Alex Hales doesn’t have to live in a grey pigeonhole


Photo by Sarah Ansell

One of the worst things about Twenty20 cricket is that it’s provided a label for one particular shade of grey. We don’t know which one. Battleship grey maybe. Or gunmetal. It doesn’t matter. The point is, you label something and it becomes a ‘thing’ – something distinct, something fixed.

Alex Hales is a Twenty20 batsman, you see. People say he’ll bring a Twenty20 approach to Tests and because of this he effectively becomes some sort of experiment into which format is ‘better’. If he fails, the long format remains the true test. If he succeeds, Twenty20 marches on.

But Alex Hales isn’t Twenty20’s nominated representative. He’s just a cricketer. He plays all formats. He succeeds to differing degrees in each of them. He may take a different approach to other batsmen, but that’s true of absolutely everyone. Even Chris Martin. Especially Chris Martin.

David Warner is another who remains branded a Twenty20 cricketer, despite the fact that he recently skipped a very well-viewed Australian Twenty20 tournament in a bid to ensure he was at his best for Tests. Much like Virender Sehwag – another batsman who was often jammed into the wrong pigeonhole following the rise of Twenty20 – his record is far, far better in the longest format. You could argue that Warner is a Test cricketer who bats aggressively rather than a Twenty20 cricketer who plays Tests. But that’s missing the point. He’s just a cricketer. It’s all cricket.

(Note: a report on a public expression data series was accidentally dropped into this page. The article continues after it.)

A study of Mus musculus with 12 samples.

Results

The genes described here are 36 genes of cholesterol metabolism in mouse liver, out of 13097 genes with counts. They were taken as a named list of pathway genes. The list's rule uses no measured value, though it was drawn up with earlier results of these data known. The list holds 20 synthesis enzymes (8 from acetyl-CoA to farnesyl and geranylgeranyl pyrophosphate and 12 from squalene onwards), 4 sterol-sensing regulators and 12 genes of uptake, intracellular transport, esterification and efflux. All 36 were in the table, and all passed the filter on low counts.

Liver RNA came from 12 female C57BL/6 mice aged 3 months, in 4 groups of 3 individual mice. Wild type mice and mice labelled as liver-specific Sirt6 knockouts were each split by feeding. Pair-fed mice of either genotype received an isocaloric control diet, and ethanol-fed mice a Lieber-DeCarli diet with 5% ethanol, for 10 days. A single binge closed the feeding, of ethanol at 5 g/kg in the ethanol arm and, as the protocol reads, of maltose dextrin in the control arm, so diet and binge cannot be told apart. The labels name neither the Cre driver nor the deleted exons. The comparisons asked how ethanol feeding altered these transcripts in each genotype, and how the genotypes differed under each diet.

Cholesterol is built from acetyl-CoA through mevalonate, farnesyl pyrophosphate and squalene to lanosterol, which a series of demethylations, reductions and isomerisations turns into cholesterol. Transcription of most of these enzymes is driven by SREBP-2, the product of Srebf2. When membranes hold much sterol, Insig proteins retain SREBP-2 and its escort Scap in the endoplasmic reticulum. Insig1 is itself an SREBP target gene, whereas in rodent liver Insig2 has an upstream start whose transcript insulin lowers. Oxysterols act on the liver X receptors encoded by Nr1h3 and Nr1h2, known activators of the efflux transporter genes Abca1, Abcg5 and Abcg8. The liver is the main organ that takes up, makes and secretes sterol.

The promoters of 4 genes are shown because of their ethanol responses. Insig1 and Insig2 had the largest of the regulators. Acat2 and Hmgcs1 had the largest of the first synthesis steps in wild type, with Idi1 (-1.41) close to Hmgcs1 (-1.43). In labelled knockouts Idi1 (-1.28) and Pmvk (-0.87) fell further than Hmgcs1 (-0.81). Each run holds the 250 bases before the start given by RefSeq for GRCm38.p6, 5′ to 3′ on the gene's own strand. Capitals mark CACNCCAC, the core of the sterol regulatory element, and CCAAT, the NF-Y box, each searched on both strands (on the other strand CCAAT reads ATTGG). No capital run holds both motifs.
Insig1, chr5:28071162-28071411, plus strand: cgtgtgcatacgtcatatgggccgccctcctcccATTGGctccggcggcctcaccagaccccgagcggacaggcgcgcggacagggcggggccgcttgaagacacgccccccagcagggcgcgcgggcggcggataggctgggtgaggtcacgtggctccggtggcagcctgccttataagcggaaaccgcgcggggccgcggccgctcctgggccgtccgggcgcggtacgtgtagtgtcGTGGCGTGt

At lunch on the first day of his second Test, Alex Hales was on 38 off 84 balls. He was the wrong grey for his normal pigeonhole. Instead, he was a perfectly effective birdshit grey – and rumour has it he can also mix plenty of other shades.


  1. Damn you, Hales, you’re making me look silly.

    I’m sticking to my guns. He could beat Lara’s record, still don’t rate him.

  2. How many shades of grey are there?

    • King Cricket

      January 2, 2016 at 3:50 pm

      Infinite. It’s a continuum.

      • That’s what I thought. But my wife had been reading a book on it, and she said something about trying to find new ones for the upstairs walls. Experimenting in the bedroom, I think was her exact phrase. Frankly I found the whole idea preposterous.

  3. The human eye is capable of detecting around 10 million unique colours,
    but it is only able to detect 30 shades of grey depending on the lighting.

  4. As much of a tit as Warner is, he’s a great example that a short-format chunky biffer can be capable of considerably more. Fifteen test hundreds including a double is hardly something I’d have expected when his slogging prowess got him into the Test side.